NEW ORLEANS—Universities can turn challenges into opportunities through resilience. That was the central focus of the annual Association of Public and Land Grant Universities (APLU) meeting that brought senior-level college administrators together to strategize on how best to serve their students.
University leaders were encouraged to “embrace innovation and adopt new strategies” in an effort to attract and retain as many students as possible.
Student success was a major tenet of the three-day gathering. On Sunday night, Dr. Rebecca Blank, chancellor of the University of Wisconsin-Madison, spoke about the economic benefits for students who earn a college degree.
“Getting students to complete and to graduate, in some ways isn’t a huge mystery,” said Blank, adding that affordability, quality of teaching, curricular coherence and advising and mentoring continues to be critically important to retaining students.
“Affordability is a necessary but hardly sufficient condition for college completion,” said Blank. “It is important that we make college affordable and seemingly attainable for students from lower income families, but free college is by itself not a complete policy and there have been a good number of examples where free college by itself simply failed.”
Research, Blank said, has shown that “not only is college more valuable than it has ever been for the average student going into college, but even more for those marginal students.”
Blank’s keynote address was followed by a panel of experts who shared best practices about how they created “student centered” institutions.
Dr. Renu Khantor, chancellor of the University of Houston, said that in the aftermath of Hurricane Harvey she explicitly told her college advisers that if a student called and requested to drop out of the university in the wake of the storm, they were to do everything in their power to discourage them from doing so.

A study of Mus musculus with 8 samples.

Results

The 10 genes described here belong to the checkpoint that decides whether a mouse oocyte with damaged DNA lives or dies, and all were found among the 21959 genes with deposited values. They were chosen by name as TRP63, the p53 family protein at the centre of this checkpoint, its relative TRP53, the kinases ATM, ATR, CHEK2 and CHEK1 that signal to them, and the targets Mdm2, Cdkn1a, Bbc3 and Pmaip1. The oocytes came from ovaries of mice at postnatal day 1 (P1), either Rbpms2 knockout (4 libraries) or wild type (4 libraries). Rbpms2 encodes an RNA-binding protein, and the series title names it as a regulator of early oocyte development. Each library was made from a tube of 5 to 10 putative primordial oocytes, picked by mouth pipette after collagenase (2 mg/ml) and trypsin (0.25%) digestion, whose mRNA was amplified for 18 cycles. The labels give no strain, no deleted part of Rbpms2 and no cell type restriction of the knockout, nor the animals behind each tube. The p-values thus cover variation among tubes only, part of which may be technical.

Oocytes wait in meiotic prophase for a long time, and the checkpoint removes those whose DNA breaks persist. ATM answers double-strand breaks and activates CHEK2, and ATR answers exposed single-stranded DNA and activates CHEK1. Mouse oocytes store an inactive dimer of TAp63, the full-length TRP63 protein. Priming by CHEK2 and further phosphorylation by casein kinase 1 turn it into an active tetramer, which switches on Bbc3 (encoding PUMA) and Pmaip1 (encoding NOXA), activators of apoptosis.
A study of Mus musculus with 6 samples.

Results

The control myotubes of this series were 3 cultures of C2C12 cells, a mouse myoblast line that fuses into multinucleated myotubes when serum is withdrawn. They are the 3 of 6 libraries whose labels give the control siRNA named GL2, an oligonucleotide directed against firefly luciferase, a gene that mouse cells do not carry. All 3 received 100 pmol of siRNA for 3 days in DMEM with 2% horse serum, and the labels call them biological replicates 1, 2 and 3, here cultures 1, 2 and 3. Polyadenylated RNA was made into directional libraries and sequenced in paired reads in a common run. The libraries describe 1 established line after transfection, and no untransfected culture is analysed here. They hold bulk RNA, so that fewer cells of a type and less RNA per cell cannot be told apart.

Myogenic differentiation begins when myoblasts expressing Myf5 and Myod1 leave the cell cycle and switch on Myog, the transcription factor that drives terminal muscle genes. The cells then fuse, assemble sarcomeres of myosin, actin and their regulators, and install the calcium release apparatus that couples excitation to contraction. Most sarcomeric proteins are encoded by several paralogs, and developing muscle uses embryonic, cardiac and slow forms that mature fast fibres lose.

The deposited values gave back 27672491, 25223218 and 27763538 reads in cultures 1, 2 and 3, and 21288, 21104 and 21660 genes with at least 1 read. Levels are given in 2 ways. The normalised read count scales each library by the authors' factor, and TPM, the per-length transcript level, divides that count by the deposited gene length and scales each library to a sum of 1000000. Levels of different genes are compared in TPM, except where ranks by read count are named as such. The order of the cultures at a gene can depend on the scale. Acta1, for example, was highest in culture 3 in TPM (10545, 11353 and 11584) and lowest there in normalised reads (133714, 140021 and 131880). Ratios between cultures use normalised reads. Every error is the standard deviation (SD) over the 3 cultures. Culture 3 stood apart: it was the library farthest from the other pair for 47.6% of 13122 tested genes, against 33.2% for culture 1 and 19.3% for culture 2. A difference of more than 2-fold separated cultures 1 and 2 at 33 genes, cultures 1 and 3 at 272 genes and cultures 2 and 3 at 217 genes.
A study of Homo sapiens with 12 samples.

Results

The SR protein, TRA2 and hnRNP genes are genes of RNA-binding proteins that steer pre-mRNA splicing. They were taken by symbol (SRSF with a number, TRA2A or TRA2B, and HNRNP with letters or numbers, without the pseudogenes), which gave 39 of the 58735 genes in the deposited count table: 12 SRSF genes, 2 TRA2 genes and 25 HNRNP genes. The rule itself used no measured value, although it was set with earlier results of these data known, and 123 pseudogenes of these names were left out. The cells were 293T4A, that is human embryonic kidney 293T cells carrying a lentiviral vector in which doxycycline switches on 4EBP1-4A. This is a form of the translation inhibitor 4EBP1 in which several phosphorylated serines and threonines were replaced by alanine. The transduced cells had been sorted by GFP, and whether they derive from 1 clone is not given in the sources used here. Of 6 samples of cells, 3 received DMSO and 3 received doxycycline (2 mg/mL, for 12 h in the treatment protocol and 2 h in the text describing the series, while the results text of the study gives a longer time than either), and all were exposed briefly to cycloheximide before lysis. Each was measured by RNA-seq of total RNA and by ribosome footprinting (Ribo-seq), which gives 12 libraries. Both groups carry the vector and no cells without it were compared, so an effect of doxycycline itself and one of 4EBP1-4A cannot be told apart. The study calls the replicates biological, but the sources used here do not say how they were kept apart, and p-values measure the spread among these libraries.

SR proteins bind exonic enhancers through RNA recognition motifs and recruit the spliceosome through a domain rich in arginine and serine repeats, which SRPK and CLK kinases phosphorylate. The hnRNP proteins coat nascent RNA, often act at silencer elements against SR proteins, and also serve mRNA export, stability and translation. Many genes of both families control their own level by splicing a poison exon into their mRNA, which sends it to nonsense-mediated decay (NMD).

Patrick Methvin, director of Postsecondary Success at the Bill & Melinda Gates Foundation, said that Completion by Design, a program created to help two-year institutions quickly and adequately guide students toward graduation, credit transfers and eventually, fulfilling work has been successful and should be viewed as a national model.
“Ninety percent of the colleges that took part in that, beat their completion goals a year and a half ahead of schedule,” said Methvin.
Dr. Mark Rosenberg, president at Florida International University, said that institutions have to refocus on how they think about their students.
“In fact, we’re starting to focus on learners rather than just students, because I think we don’t become leaner centered, we’re not going to be as relevant as we want to be in some workforce changes,” said Rosenberg. “In doing that we’re identifying where the bottlenecks are.”
Math, for example, has been one of those bottleneck courses that the university restructured so that “we could provide students with the greater likelihood of success, but asking the faculty to take a greater responsibility for student learning.”
Concurrent sessions were offered throughout the meeting including “Strengthening Engineering Education and the Workforce: Diverse Pathways and Strong Employability Outcomes.”